Report: Sioux Valley chief opposes expansion of campground on residential school burial site


Chief Vince Tacan of Sioux Valley Dakota Nation says research has shown the bodies of as many of 50 students could be buried at what’s now Turtle Crossing Campground on the northwestern outskirts of Brandon. The private campground used to be a city-owned park and is located along the Assiniboine River, southwest of the former Brandon Indian Residential School.

“We want to know what’s going on,” Tacan said. “This is important for our history and it’s important for us to know that these remains are going to be repatriated. These were children, after all, that passed away under suspicious circumstances.

“I think we need to get to the bottom of this.” 

Tacan said if there are children buried at the campsite, he wants to give them a proper burial. 

“We need to know if there is in fact a gravesite there and all we want is to repatriate them to the other cemetery so that they’re not in a flood zone, so they’re not in the middle of a campground, and so we can at least do our part to honour them,” he said. 


Research completed in 2015

The school, which operated from 1895 to 1972, brought in students from across Manitoba. Some children at the school, like many residential schools, died due to diseases such as tuberculosis and other airborne diseases, poor ventilation, malnutrition among students and inadequate sanitation.

In research completed in 2015, University of Manitoba student Katherine Lyndsay Nichols suggested it was plausible that more than 50 students were buried on the property, citing records for student deaths from the period when the site was used.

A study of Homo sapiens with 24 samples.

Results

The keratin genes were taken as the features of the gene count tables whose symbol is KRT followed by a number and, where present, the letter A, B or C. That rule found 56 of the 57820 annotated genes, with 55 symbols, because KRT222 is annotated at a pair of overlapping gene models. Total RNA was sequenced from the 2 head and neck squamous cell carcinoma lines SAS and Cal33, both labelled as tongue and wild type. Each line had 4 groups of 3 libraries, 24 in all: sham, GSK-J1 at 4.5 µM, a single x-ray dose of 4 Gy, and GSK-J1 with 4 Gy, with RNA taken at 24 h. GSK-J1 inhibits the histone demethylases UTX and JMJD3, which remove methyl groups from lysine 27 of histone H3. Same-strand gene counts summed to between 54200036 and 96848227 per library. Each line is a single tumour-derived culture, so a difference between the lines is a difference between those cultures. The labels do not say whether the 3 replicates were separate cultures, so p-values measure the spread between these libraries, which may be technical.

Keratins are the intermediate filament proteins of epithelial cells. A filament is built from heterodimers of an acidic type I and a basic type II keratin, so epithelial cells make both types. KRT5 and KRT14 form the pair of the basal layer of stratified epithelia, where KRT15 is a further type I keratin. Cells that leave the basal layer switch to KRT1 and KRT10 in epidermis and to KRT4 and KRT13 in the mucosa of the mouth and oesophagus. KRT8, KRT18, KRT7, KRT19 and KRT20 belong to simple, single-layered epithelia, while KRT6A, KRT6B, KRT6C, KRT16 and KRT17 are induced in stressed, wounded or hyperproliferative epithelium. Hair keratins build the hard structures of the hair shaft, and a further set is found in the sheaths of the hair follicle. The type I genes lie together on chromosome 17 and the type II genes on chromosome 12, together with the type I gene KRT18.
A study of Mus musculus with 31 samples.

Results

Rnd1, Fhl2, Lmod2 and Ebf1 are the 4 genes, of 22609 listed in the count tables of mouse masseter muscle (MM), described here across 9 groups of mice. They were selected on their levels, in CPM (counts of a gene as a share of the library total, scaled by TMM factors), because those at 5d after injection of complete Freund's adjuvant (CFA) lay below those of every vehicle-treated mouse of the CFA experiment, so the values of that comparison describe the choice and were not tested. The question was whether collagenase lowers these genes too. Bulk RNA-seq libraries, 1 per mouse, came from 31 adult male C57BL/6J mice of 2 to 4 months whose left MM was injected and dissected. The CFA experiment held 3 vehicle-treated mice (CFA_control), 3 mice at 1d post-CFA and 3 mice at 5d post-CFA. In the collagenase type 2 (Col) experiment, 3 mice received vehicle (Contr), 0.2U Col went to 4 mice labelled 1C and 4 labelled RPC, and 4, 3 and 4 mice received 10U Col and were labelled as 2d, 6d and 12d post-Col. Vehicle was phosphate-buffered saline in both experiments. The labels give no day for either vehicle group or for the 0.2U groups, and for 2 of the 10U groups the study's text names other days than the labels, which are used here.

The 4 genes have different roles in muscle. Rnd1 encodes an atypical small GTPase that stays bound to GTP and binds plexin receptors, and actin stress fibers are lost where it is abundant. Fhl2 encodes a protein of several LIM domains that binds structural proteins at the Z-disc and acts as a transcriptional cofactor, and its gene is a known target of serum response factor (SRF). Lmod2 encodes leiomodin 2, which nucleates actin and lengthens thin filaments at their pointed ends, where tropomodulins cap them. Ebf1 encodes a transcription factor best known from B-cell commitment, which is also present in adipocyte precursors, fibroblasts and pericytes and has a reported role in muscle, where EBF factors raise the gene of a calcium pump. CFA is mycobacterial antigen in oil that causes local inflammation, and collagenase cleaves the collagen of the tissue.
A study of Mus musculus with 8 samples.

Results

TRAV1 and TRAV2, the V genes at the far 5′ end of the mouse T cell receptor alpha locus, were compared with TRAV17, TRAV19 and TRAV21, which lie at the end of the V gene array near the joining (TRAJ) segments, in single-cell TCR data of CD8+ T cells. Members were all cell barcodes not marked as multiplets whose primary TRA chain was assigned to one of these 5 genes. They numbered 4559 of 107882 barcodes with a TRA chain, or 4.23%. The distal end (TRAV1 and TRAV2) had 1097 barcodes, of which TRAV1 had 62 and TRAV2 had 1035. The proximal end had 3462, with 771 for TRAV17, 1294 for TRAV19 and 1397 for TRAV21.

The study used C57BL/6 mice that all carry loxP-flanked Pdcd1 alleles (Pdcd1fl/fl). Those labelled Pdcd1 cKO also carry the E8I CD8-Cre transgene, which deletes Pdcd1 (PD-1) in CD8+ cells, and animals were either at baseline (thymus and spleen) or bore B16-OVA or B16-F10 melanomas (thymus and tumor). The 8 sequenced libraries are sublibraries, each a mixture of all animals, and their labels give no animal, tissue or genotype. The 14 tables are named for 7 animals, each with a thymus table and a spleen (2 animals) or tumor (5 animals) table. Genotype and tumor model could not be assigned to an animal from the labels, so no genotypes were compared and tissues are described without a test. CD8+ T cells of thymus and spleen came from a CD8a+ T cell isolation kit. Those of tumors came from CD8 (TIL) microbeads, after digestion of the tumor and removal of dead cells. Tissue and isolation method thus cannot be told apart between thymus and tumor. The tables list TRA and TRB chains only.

Campground owner plans expansion 

Mark Kovatch, the owner of the campground, said he’s seen evidence that suggests bodies may lie beneath part of the property.

“The evidence looks like there definitely was some bodies buried down here, but I don’t think anybody really knows for sure where,” he said in a phone interview Wednesday. “The area where they think they might possibly be buried is already underneath the campground that the City of Brandon developed.”

A memorial stone and plaque were placed by the Girl Guides of Canada at the campground in 1972. 

Kovatch is planning an expansion of his campground in an effort to raise capital to build a ring-dike around the entire property, after extensive flooding in 2011 and 2014. He doesn’t believe his plans will be affected by any investigation into the burial site, and said he will work with the city, province and other groups to get to the bottom of it. 


‘We need to do this’ 

Tacan said the First Nation has been in talks with the city and will, for now, be opposing the campground expansion until more information is known. 

“For some of the children, in addition to being isolated from their families, they pass away and we don’t even mark their graves and now we have a campground being built over top the gravesites,” said Tacan.

He doesn’t think any other ethnic group would allow such a thing to happen.

“We need to do this. We need to reconcile the past. We need to know the history and we need to learn from it and we need to move on to the path of healing,” he said. “And that’s what we’re trying to do.”